Illustration by Laura Rice / Texas Standard

This spooky season, Texas Standard is Tracking Texas Cryptids from the chupacabra to the wampus cat.

The Hairy Man of Round Rock draws some comparisons to Bigfoot. But others, like local Alexandra Owens, say he may be more ghost than cryptid.

“I think that the Hairy Man, based on the legend and, you know, my understanding and experience in hearing it, is that he’s more of a man who’s still haunting the space. You know, he kind of deemed it as his domain. And so with that, I think it’s really more of a ghost haunting that area and more like a person than, you know, a monster necessarily,” Owens says.

Owens is the community center manager at Brushy Creek Municipal Utility District. It’s almost like a small city between the lines of Austin and Round Rock. Owens knows a thing or two about the Hairy Man because she grew up in the area. In fact, she went to school just off of Hairy Man Road.

“Yes, there is a road that is named Hairy Man Road, located in Round Rock,” Owens says. “We took this road many times throughout all my years growing up, coming to sports and things in this general area. So I’ve had my own firsthand experience driving up and down this road and hearing this legend and having those experiences.”

Owens says that for much of that time, Hairy Man Road was not lit by street lights.

“So when you drove this road at night, it was, you know, spooky in a sense, whether you knew the legend or not. Very heavily treed and wooded. And there weren’t trails and things for people to walk on and sidewalks. So it was definitely very underdeveloped and a lot of greenery around to drive through and obviously at night made it a little extra spooky,” Owens says

She shared the following story of the Hairy Man.

The legend

The legend goes that on a dark and stormy night back in the 1800s, a young boy became separated from caravanning settlers as they were trying to escape the rising waters of the nearby creek.

The boy managed to survive on his own and became a hermit in the area. Not being civilized, he avoided contact with people and terrorized anyone who dared to enter his domain, frightening stagecoaches and solitary riders alike.

His legend grew in the area until, one day, horses leading a speeding stagecoach trampled him to death while he attempted his infamous intimidation.

This area became known as Brushy Creek. And the Hairy Man is said to continue to haunt it.

The haunting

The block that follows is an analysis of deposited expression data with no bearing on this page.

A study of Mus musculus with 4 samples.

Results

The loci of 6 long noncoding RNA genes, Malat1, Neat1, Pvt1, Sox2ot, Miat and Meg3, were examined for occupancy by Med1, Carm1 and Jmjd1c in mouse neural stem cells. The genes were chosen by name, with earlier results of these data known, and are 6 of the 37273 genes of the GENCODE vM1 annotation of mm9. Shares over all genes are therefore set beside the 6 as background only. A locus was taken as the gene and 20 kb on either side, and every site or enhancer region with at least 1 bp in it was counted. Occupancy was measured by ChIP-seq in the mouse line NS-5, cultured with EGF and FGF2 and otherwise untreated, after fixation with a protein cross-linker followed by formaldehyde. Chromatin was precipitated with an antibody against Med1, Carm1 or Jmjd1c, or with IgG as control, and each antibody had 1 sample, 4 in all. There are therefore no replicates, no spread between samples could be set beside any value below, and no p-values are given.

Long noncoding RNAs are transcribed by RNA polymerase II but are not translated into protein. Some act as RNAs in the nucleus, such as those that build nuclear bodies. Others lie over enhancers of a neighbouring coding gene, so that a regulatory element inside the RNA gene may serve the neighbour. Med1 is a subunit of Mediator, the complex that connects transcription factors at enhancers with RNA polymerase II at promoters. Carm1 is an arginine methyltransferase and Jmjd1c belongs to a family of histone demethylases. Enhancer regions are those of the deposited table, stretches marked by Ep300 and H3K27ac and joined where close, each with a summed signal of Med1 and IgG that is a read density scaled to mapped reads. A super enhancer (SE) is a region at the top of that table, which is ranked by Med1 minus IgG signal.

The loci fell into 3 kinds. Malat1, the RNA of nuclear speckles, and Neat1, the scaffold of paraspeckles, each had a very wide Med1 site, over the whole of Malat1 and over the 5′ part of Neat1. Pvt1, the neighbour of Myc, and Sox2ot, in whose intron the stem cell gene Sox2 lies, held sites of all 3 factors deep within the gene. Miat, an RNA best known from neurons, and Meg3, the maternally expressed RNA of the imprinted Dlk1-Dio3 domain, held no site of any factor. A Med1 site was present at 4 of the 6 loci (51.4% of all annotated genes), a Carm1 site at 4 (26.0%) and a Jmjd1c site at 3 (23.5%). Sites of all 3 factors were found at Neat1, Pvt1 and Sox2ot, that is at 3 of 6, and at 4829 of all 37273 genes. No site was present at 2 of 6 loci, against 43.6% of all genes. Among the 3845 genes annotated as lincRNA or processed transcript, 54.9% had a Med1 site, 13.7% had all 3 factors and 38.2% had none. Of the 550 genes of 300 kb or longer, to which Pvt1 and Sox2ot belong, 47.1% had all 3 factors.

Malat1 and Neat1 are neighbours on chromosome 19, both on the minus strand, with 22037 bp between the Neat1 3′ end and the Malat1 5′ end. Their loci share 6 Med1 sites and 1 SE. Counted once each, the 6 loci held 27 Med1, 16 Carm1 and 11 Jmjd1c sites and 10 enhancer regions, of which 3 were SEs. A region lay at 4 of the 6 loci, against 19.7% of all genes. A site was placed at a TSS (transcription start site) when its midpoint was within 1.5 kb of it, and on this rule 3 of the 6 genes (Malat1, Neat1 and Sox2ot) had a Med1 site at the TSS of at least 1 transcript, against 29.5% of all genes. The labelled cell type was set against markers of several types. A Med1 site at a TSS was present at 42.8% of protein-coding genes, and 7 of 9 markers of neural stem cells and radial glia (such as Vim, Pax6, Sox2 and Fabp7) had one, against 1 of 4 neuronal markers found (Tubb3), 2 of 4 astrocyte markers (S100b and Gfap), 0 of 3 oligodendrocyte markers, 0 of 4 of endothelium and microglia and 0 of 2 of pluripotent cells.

Owens says, growing up, the way people would try to encounter the Hairy Man was to drive down his street at night.

“They would drive down this road and they would turn their headlights off to see if they [could] catch a glimpse and see if really the tales were true,” Owens says. “They roll down their windows because people claim that, you know, almost like a howl of a wolf, that you could hear the eerie howling from this Hairy Man. I have not ever been brave enough to drive down that road without lights.”

While she says she hasn’t heard a howl or caught a glimpse of the Hairy Man herself, she has had some scares.

“You have that moment of, ‘Oh, wait, is that the Hairy Man? Oh, it’s a deer.’ So it’s having those scare moments because it is in the back of your mind thinking, ‘Okay, you know, am I going to have that experience where I’m going to see these kind of intimidation factors coming to life with this Hairy Man legend?’” Owens says

Contestants in the Hairy Man contest from a previous year.
Contestants in the Hairy Man contest from a previous year.

The festival

To recognize, and even celebrate, the legend, the Brushy Creek Municipal Utility District holds an annual Hairy Man Festival. This year, it’s Saturday, Oct. 21.

It features a Hairy Man 5k, live music and performances, and a telling of the legend. But the highlight might be the Hairiest Man contest.

“I mean, you’re talking very Chewbacca-based, you know, maybe not as much hair as he has, but obviously overgrown due to the lack of civilization – you know, no haircuts, no shaving,” Owens says.

The festival is free and open to all – though there is a suggested donation for a local nonprofit.